Class reunions still alive and well
Every second weekend in June, high school class reunions bring hundreds of Jefferson and Jefferson-Scranton High School alumni and their partners to town for the Bell Tower Festival. This year was no exception.
The 2018 festival featured 10 reunions, ranging from the 10th year reunion of the Class of 2008 to the 60th year reunion of the Class of 1958.
Most of the honored classes rode in Saturday morning’s festival parade on flatbed trucks, hootin’ and hollerin’ the whole parade route, and trading greetings and put-downs with acquaintances they spotted. As always, a good time was had by all.
The reunions are a time for memory, a time for getting reacquainted and a time to laugh off the neuroses that plagued most of us during our pubescent and post-pubescent years.
One of the tests of a successful reunion is how well classmates can put decades-old slights and hurts behind them.
Another is striking up conversations, and maybe kindling new friendships with classmates who, for one reason or another, you didn’t hang with in high school.
Maybe it was someone who moved to town as a sophomore or a junior, and therefore hadn’t made it into your group of close friends before graduation rolled around.
Maybe it was someone whose interests differed from yours back in the day.
Maybe it was someone whom you really wanted to get close to, but your shyness, or the other person’s, put up a barrier that neither of you dared to cross.
Maybe it was someone you just plain didn’t like then, but who now turns out to be a sympatico soul that you — wonder of wonders — find highly congenial.
And another reason, of course, is to be with those with whom you were soulmates for those developing years.
There are always empty chairs at the banquet table, of course, more of them every five-year interval.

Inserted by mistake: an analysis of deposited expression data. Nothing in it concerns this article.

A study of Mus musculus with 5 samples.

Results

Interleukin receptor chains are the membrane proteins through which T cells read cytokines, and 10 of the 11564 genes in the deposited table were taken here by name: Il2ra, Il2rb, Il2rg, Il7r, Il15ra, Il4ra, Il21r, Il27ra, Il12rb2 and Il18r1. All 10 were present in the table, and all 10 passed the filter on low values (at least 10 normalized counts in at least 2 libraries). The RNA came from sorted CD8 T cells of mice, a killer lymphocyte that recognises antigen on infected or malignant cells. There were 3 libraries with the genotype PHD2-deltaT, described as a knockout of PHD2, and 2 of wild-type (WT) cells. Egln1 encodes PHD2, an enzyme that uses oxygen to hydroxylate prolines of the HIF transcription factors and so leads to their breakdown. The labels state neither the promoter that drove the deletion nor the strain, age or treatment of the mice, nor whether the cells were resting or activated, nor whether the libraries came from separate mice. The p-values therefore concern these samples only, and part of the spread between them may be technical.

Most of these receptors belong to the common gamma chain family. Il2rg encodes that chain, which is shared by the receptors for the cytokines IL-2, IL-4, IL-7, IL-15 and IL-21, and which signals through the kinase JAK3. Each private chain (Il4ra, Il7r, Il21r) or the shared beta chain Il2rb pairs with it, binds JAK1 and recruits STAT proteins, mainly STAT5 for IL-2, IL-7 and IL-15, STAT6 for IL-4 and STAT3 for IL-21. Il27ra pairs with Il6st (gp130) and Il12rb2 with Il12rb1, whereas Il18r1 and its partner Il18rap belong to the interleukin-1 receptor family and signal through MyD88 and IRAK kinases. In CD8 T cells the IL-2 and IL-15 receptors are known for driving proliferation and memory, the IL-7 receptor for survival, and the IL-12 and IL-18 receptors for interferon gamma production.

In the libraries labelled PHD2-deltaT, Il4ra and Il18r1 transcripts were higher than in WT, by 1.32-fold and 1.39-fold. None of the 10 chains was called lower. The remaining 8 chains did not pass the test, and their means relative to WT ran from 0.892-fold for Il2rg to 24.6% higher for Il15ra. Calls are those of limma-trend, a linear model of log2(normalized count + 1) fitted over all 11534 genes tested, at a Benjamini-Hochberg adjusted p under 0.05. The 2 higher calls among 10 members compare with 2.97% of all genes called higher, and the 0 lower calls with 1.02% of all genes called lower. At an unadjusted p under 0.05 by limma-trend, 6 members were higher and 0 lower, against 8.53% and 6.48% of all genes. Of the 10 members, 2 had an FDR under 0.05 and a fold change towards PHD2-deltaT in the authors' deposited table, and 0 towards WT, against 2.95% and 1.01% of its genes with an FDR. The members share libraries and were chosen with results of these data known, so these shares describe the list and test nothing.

It’s a shock to discover that someone you considered a friend back then has passed on, and often that discovery takes place at the reunion. You look around the room and wonder who will go next. Or whether it might be you.
Very few classes have the good fortune of the Ringsted, Iowa, Class of 1958, who celebrated their 60th reunion this year. Six decades. The class had 14 members, most of them now around 78 years old. None has died, at least as of this past March. The odds of that bit of luck are computed as 177,467,459 to 1.
Those odds are greater than winning the Powerball, or getting struck by lightning twice in a lifetime.
If you were shrewd enough to elect a super organizer as president of your senior class, you’re generally in luck. Tradition requires that person to take charge of his or her class reunions from then on, and to tap others of his or her ilk as the reunion committee. Congratulations if that’s your class.
My mom, in later life, wondered why her Lamoni Class of 1929 was lax in the reunion department.
Dad asked her one year who her class president was. Upon reflection, she realized it was herself.
I asked members of my extended family for their thoughts about class reunions. The request generated some interesting observations.
One response posited that there’s a significant difference between reunions a few years after graduation and those when the class gets a ways older.
In the 10th reunion, there’s more competition. Classmates want to say how well things are going for them, so they talk about elaborate vacations, job promotions, children’s accomplishments, etc.
By the 25th reunion, with many of them now empty nesters, they’re more relaxed and comfortable with who they are, and more interested in each other than themselves. The talk is more about survival than success.
Another response noted — correctly, in my opinion — that social media has changed the relative importance of class reunions for younger graduates. They have probably kept in touch with each other through Facebook, so they know what they’ve been up to for the past several years.
As he puts it: “ ... the genuine surprise of running into someone you haven’t seen or heard from or thought about in a solid decade — that hallmark of high school class reunions — is waning in my age group, as is attendance compared to previous generations.”
He’s probably right.
When it’s no longer a big deal to get together with the old gang because you’ve all been habitually keeping up with each other’s lives for the past several years, reunions may come to seem redundant.
But for some of us, especially those of my vintage, a class reunion is something to anticipate.
Next year is my 60th, and while the Jefferson High School Class of 1959 hasn’t had the good fortune of the Ringsted Class of 1958, there are still enough of us to make the get-together worthwhile.
The average life span of Americans right now is 78.8 years. That’s about where most of my class will be next year.
It will be a treat to renew acquaintances in 2019, and thereafter for those of us still around.